The chefs at Crazy Tomato Pizza and Wings bake traditional and creative pies to serve crowds both large and small. Their wings make for savory finger food for groups gathered around the big game, with each batch coming out piping hot and made to order.
Sicilian–born chef Agostino Vedda has been cooking for more than 40 years, and it shows at Sophia's Pizzeria & Restaurant. The restaurant, which he runs with his wife Vilma, is known for its housemade sauces that flavor pastas and chicken, veal, and seafood entrees. Sophia's also serves up more casual Italian cuisine such as calzones, sub sandwiches, and the only the food that astronauts are allowed to bring into space: pizza.
For owners Joe Arato and Joe Gonnelly, Rosedale Brick Oven Pizzeria is a physical piece of nostalgia. The restaurant's name references the neighborhood in Queens where the two became childhood friends, bonding over a mutual passion for eating and evaluating Italian food. Having finally opened their own venue, they've inundated the setting with vintage charm. Exposed brick and wood surround the authentic wood-fired oven, accented by monitors that silently broadcast black-and-white movie classics, and the music of Frank Sinatra and Frankie Valli drifts throughout the dining room.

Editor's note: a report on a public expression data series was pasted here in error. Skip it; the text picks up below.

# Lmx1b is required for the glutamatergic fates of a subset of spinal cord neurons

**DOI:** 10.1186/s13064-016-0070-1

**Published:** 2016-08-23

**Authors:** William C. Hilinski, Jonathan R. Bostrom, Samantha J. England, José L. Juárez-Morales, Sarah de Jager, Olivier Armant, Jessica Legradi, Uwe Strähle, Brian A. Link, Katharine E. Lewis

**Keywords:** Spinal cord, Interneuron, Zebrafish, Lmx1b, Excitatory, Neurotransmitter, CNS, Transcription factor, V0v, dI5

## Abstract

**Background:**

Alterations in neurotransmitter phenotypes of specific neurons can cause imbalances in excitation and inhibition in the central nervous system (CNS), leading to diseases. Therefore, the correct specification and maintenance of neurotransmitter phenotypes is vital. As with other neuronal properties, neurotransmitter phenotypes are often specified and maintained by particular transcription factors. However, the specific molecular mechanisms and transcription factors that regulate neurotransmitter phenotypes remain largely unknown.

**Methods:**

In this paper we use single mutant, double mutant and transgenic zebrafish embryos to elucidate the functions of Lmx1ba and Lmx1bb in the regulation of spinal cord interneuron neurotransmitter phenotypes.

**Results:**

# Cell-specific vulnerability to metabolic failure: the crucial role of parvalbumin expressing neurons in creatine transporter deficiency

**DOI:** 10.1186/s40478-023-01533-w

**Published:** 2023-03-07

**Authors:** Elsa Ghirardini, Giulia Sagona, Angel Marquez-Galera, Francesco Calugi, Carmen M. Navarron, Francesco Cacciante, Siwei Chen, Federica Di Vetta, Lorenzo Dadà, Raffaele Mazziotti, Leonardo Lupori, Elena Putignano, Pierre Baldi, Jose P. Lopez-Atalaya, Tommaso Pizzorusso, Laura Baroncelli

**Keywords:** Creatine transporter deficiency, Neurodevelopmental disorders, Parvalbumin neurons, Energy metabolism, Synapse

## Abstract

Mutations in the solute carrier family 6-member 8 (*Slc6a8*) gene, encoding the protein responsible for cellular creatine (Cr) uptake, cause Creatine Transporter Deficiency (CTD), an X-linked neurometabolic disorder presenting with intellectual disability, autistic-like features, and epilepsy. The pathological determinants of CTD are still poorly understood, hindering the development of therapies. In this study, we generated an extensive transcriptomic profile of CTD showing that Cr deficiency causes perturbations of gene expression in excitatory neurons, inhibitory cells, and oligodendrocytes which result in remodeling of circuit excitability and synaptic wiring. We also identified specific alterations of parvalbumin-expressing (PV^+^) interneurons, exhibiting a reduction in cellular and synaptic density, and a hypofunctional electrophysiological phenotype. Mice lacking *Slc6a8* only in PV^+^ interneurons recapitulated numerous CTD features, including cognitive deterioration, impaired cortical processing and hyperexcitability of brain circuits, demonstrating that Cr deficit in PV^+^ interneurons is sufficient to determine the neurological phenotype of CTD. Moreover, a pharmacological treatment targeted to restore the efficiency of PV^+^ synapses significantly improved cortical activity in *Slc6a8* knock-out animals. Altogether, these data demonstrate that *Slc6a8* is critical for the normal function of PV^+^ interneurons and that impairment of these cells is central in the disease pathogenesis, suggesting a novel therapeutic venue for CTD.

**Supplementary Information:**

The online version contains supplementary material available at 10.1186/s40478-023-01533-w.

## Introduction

As they immerse themselves in the warmth of the rustic interior, diners peruse a menu built from imported ingredients. San marzano tomatoes flavor some of the 11 specialty pizzas crafted from housemade dough, including the margherita, which Kelly Merritt of the Daily News calls "impossibly fresh." The same review also praises the pasta-ordering system, which has patrons choose their favorite sauces and pasta types, a departure from the traditional method of blindfolding them as they pick noodles from a steaming colander. Diners might elect to mix the house-specialty alla vodka sauce with ridged rigatoni, a combination that Merritt deems "chief among the best."
Andrew Garavuso occasionally leaves his post as chef at Sicilian Oven to display his culinary abilities. In one appearance on NBC 6's morning show, he passed out samples of his eatery’s wood-fired pizzas and cooked mussels in white wine sauce. Back on the home turf of his kitchen, chef Garavuso stands over steaming pots of house-made sauces and cuts from-scratch pasta dough into strips of linguine or sheets to write lasagna recipes on. Around him, wood-fired pizzas emerge from ovens, steam pouring from fresh-made dough in golden circles or the square shape that is traditional for Sicilian pies. Tomatoes imported from Italy support toppings, such as olives, fresh basil, steak, sopressata, and gorgonzola.